He first started teaching his peers at UNC-CH at the UNC Cypher. UNC Cypher is a freestyle rap community which raps in the Pit every Wednesday at 9:19 PM in Chapel Hill, N.C., and is still alive today. The UNC Cypher is an all-inclusive group which encourages people in the audience to participate in rapping as well.

Rowsey also makes his own music and puts a lot of thought into his lyrics. “I’m trying to get any kid that listens to me to think about advancing their education.” Rowsey said. “It doesn’t even have to be college—it could be trade school, anything.”

Rowsey wants to make a larger impact on a national level. He’s in the process of getting his own show on PBS Kids, a company he’s been involved with for over a year. At the PBS Kids’ Block Party on August 25, 2018, Rowsey surprised the kids with a creative verse involving PBS cartoon characters. “A, E, I, O, U,” Rowsey raps, “we love reading with Read-A-Roo.” Rowsey got the whole crowd involved, making parents and children very happy.

Rowsey gets frustrated when he hits creative road blocks or feels as if he’s not making the impact in the exact way he wants; however, it’s the power of community that keeps him going. “That’s really what it’s all about,” Rowsey said, “bringing people together.”

Rowsey helps Xaveon Wiles, 12, pick out words in the dictionary to shout out. This is one of the ways Rowsey has made an impact on the Durham community. He started the Durham Cypher, which meets at 9:19 PM on Fridays in Durham, N.C. The reason they meet at that time is a reference to the Triangle area zip code. Through mentoring young rappers, musicians, and poets as young as the age of 7, Rowsey has truly demonstrated that hip hop is more powerful than it seems. “Who knows what these kids would be involved in if it weren’t for the Cypher,” Rowsey said. “I do this for the kids—to give them an outlet.” Rowsey is now about to release an album he’s created with input from kids and adults in the Durham community.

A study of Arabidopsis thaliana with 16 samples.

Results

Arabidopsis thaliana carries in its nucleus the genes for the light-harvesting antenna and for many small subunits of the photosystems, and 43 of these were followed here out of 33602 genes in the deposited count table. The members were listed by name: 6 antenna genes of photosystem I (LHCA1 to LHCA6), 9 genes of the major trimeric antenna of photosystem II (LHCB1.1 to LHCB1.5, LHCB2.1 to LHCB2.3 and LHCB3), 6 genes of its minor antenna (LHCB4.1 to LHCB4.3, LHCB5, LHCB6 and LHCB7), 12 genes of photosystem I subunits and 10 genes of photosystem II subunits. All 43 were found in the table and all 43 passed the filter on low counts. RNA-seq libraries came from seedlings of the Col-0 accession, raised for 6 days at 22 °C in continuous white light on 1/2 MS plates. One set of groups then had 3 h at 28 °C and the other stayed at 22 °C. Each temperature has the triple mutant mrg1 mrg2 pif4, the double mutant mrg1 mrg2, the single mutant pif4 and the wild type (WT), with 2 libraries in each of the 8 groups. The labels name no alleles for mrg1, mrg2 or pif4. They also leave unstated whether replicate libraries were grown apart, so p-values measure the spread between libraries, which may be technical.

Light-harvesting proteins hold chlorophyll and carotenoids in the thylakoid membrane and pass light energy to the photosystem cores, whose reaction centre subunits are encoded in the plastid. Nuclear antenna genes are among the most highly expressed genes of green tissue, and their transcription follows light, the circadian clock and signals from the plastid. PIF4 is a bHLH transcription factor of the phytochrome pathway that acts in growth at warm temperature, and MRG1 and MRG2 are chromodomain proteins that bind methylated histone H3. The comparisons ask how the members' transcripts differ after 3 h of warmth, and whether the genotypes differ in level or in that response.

Rowsey brings along a dictionary which audience members use to shout out words that must be immediately incorporated in the freestyle. “I had been studying the dictionary for a while to improve my rap skills and I just started bringing it to the Cypher.” Rowsey said. “It gave me the ability to take any root word and flip it.”

Rowsey teaches in a unique way using a different platform, but that’s what makes it so impactful. He connects multiple generations with multiple communities. “I love that the cypher is multigenerational. We have little kids stepping into the circle and rapping,” Rowsey said. “We have parents bringing their children and holding their babies in their arms.” Rowsey engages the whole crowd especially during his rap battles.

Rowsey wants to bring his impact to an international level after receiving his degree in teaching.
“I’m to the point where I’ve tested myself enough and I’m ready to execute on the highest level.” Rowsey said. “I’m excited to pursue teaching hip hop culture in communities other than N.C. education and the Triangle—this is just the beginning.”